We had a
wonderful time out at the Oregon Coast last week, and enjoyed beautiful weather, beautiful sights, good food, and great experiences:
Our first stop was the little town of Yachats, one of our favorite places on the coast. We had hoped to eat lunch in town, but everything was very crowded and parking was non-existent, so we ended up at the Adobe Inn on the north side of town and enjoyed some beautiful views while we ate.
This sign in Newport says it all – Oregon is salmon country!
The Coast Guard has been in Newport since 1887, and it is one of 26 designated Coast Guard cities in the U.S. The Yaquina Bay headquarters building dates from 1944.
The beautiful Yaquina Bay Bridge crosses the bay just south of Newport. The bridge was designed by Conde McCullough, who also designed many of the other iconic bridges in Oregon on Highway 101. This art deco-inspired bridge was opened in 1936 and is now listed on the National Historic Register.
The pretty Yaquina Bay Lighthouse only operated for three years (1871-1874) before being replaced by the larger Yaquina Head lighthouse in 1875. The keeper’s house has two stories with a living room, dining room, kitchen and oil room on the first floor, and four bedrooms on the second – it was a family position.
The living room in the keeper’s house. All the rooms in the lighthouse were decorated with authentic period furnishings.
The Devil’s Punchbowl is located in a state park just north of Newport. The water inside is usually low in the summer (and the tide was out when we stopped there), but in winter and during storms the water rises almost to the top.
The Depoe Bay bridge crosses over the very narrow entrance into the harbor. It was also designed Conde McCullough.
Depoe Bay has the world’s smallest navigable harbor, just six acres in size. The town is also the “whale watching capital of the Oregon coast” and hosts the Oregon Parks Whale Watching Center.
When we’re out at the coast we eat seafood: Brett enjoyed Dungeness crab cakes for dinner; I had scallops sauteed in garlic butter.
The highlight of our first day was watching the sun set while sipping wine and soaking in the jacuzzi on our deck at the Channel House B&B.
The breakfast buffet at the Channel House had plenty of low-carb choices and lots of fresh fruit as well as lots of wonderful freshly-baked pastries and coffee cake. We had a beautiful view while we enjoyed our meal.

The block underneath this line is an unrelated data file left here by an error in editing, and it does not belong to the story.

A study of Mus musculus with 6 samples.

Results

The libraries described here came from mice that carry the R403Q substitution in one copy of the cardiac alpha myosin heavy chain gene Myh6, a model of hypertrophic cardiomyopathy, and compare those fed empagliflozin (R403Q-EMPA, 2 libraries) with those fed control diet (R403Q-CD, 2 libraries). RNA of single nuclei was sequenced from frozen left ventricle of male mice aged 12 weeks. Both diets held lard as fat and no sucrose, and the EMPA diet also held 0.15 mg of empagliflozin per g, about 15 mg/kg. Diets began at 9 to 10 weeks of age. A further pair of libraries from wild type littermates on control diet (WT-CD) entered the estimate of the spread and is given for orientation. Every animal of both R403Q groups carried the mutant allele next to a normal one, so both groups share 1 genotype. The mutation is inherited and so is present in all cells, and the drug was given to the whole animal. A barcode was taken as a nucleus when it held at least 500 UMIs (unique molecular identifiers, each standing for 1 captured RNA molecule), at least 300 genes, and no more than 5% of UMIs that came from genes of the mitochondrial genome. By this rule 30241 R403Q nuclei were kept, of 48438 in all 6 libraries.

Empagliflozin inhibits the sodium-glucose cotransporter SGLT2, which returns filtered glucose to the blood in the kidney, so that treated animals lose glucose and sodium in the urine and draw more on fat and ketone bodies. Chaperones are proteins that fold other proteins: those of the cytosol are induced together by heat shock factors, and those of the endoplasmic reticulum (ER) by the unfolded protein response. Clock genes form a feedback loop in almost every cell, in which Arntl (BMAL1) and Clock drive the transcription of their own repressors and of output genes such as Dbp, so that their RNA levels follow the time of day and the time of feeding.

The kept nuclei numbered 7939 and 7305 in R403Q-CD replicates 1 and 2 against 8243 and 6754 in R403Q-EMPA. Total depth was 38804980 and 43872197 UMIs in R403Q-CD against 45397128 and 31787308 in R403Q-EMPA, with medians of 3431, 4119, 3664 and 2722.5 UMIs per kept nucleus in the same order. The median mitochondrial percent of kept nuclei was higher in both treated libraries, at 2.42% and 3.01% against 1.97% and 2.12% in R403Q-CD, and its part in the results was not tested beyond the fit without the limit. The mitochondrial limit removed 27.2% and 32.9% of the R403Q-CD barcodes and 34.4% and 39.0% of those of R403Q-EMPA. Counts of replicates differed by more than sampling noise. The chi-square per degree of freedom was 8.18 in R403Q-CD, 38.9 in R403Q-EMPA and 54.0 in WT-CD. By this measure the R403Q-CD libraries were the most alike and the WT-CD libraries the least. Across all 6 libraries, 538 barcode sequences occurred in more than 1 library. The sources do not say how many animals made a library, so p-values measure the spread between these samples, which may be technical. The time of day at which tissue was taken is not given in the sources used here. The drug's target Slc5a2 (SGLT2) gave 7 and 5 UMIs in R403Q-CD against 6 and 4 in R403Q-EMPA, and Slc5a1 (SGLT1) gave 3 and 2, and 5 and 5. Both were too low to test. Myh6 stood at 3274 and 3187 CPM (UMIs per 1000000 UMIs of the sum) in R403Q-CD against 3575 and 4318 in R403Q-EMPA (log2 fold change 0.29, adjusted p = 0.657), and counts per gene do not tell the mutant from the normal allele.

Our first stop in Tillamook is always the Blue Heron French Cheese Company for some of their brie. The store offers lots of other gourmet treats (and samples!), most of which are produced in Oregon.
We were surprised by the Tillamook Creamery’s new look – this is the third iteration since we arrived in Oregon back in 1992. Visitors can still self-tour the factory and see how the famous cheese is made, but the building now holds an open-plan dining hall where ice cream, espresso, or even meals can be purchased at the snack bar as well as a large gift shop where special varieties of Tillamook cheese and ice cream can be purchased. It was incredibly crowded on the day we visited, with long lines everywhere.
The Creamery still serves huge scoops of their ice cream, and someone was very, very happy about that!
We left Tillamook with an assortment of smoked goodies: beef summer sausage, smoked salmon for Brett’s bagels, smoked black pepper Tillamook cheddar, and smoked brie from Blue Heron.
A little store in Manzanita called Salt & Paper carries what we think is the BEST salt water taffy on the Oregon coast. We bought 24 different flavors for the girls, from pomegranate to espresso creme, and there were at least another dozen or more additional flavors beyond those!
Our last outing before leaving the coast was a walk on the long, beautiful Manzanita beach. We couldn’t get over how fine the sand was compared to the sand on Kaua’i. This view is looking north at Neahkanie Mountain. The view of Manzanita Beach and the coast from its summit is one of the most beautiful in Oregon.
We had planned to end our trip with a stop in Cannon Beach, but time was not on our side. We knew that it would be extremely crowded there as well, so we decided to head for Portland after leaving Manzanita and enjoyed a lovely (and nostalgic) drive through the mountains on Highway 26. We hit heavy traffic coming into Portland, but nothing that could take away from our wonderful two day geataway.